Police canine units can be a great source of entertainment.
“Racist” Police Dog Attacks Hispanic Officer in Uniform
One of my Santa Ana, California police officer witnesses showed up at my DA’s Office with bandages and multiple puncture wounds on his forearm. I asked him what happened.
He explained that there was a break-in at a large warehouse. He had gone inside and was searching for the suspect. He quickly located and arrested the burglar in the far end of the building. Unfortunately, he did not hear the warning that the other officers were going to release the German Shepard police dog.
Officer Perez was escorting the handcuffed suspect toward the front of the building. All of a sudden, the police dog attacked. But instead of going after the white suspect, the police dog attacked Officer Perez, who was in full uniform.
Officer Perez said that the only thing the police could figure out was that since Santa Ana has a Hispanic majority, and since a large number of criminal suspects are Hispanic, the “racist” police dog engaged in “racial profiling.” The dog attacked the uniformed Hispanic officer, instead of the white criminal suspect.
The “Perfect” Police Dog Was not so Perfect After All
A local police department in Orange County, California, bragged that their German Shepherd police dog “Borris” was the “perfect” dog for apprehending suspects. They boasted that just as soon as a suspect stopped resisting, Borris immediately stopped biting and let go even without command.
One night, a silent alarm was triggered at a gun store not far from the police department. This was a very dangerous situation. The police sent Borris into the building to search. Suddenly, there was a big commotion. Borris had found and was attacking a suspect.
The police rushed in. To their surprise, Borris was tearing apart a manikin dressed in hunting gear. It is doubtful that the manikin was resisting. Borris’s reputation was never the same after that.
The Stupid Young Man Attacks the Police German Shepherd
One summer there was a major riot at the Huntington Beach pier. Police cars were overturned and burned. Life guard towers and cars were trashed. The rioters threw beer bottles at the police, lifeguards, and firefighters. A tactical alert was sent to every police agency in Orange County requesting immediate backup.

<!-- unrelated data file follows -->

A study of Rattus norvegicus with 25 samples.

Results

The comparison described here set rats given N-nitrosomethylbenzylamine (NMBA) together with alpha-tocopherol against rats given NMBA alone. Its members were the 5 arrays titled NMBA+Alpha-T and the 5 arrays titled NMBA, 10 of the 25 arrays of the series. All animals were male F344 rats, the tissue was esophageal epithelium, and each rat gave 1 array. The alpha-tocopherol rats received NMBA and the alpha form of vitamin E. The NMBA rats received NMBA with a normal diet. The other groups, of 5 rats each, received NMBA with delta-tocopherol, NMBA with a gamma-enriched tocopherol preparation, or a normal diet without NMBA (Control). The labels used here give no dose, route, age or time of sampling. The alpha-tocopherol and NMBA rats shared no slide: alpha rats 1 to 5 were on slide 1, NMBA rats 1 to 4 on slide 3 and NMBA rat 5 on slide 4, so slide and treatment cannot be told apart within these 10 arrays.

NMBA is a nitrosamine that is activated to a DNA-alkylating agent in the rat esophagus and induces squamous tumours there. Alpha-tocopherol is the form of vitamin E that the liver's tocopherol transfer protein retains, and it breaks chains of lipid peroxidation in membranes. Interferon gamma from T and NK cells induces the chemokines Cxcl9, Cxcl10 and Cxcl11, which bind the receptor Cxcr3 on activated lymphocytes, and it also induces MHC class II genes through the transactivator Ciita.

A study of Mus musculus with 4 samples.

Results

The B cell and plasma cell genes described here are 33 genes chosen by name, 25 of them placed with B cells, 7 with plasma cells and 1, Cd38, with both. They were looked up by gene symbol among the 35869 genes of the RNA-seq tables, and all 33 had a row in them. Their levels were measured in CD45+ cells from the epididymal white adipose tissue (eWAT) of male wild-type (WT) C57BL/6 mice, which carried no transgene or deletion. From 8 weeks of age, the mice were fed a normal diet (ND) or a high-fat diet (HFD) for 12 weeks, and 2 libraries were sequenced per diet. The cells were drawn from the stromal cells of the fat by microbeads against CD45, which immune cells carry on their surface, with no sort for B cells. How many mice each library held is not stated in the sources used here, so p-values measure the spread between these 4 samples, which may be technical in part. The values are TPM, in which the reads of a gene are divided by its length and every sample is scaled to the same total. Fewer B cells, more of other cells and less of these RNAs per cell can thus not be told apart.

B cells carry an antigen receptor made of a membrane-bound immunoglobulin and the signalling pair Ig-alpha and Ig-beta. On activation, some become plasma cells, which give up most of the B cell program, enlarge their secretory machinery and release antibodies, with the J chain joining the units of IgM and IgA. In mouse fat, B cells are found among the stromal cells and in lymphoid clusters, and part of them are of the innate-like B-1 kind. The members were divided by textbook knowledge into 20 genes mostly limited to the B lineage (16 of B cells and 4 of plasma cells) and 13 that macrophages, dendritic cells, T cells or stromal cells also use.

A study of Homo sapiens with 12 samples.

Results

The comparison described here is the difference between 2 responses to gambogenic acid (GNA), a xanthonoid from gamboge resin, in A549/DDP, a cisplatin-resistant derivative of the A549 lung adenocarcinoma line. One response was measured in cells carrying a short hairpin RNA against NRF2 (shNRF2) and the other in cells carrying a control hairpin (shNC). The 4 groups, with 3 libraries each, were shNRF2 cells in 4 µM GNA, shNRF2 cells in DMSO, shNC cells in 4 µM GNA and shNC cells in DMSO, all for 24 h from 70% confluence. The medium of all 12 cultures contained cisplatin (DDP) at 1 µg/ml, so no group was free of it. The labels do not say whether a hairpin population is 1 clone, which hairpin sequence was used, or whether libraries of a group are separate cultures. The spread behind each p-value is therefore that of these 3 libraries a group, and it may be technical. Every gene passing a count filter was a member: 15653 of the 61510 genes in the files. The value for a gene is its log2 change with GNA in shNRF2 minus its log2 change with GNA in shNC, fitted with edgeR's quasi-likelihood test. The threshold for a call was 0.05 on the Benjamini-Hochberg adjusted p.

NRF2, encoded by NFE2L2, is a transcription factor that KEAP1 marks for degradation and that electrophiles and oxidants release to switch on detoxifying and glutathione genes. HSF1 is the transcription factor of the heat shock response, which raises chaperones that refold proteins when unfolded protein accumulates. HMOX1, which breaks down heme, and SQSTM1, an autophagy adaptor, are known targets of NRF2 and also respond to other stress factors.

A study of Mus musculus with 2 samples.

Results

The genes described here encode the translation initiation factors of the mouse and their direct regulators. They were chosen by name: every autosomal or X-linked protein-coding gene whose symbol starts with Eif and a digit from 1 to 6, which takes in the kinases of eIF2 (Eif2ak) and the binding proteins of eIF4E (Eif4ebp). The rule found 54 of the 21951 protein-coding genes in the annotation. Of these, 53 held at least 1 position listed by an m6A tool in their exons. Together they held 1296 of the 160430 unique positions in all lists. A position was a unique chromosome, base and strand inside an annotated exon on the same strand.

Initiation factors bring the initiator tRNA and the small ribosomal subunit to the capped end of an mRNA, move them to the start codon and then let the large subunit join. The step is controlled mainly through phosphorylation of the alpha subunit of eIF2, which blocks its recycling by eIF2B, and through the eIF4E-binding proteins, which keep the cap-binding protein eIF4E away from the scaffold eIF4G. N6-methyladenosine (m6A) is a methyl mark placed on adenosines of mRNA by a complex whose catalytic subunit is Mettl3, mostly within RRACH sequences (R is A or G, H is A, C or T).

As the riot ran out of steam, a Huntington Beach officer stood at the base of the pier keeping an eye on things with his German Shepherd canine partner on a leash.
A young man walked up to the officer and announced, “Your dog doesn’t scare me.” He suddenly bent down, grabbed the dog by both ears, went nose-to-nose with the dog and growled loudly. Not surprisingly, the dog tried to rip the man’s face off. The defendant spent a long time in the hospital and was left with permanent scars. He later sued the Huntington Beach Police Department. He lost.
The Moody Drug Sniffing Dog
While reviewing a search warrant request for the Orange County Sheriff’s Department, I learned that police dogs have moods, just like people. This Labrador Retriever drug sniffing canine initially alerted on a storage unit suspected of containing drugs. When the handler tried to get the Labrador to confirm the alert, the canine wandered away and laid down. The dog was bored and tired. He lost interest in playing the “find the drugs.” He just wasn’t in the mood.
The narcotics officers had to summon a canine from another department which did, in fact, confirm the presence of drugs in the storage locker. The affidavit in support of the warrant contained detailed information about dog psychology and explained why the first dog’s failure to confirm the presence of drugs did not undermine the second dog’s opinion.
Police Dog Attacks Undercover Sergeant
A local Orange County police department responded to a call of a nighttime residential burglary in progress. The police confirmed that there was indeed a burglar inside the house. The canine handler released the police dog into the back yard. At the same time a plain clothes sergeant hurdled the back wall and landed on all fours in the bushes. The canine immediately attacked the sergeant from behind, chomping on his rear end.
The sergeant was taken to the hospital where he received dozens of stitches. It was a while before the sergeant could sit down again. Fellow officers retrieved the torn bloody boxer shorts from the hospital and mounted them on a plague, which they prominently displayed in the briefing room. Thereafter, the sergeant regularly found dog treats left on his desk.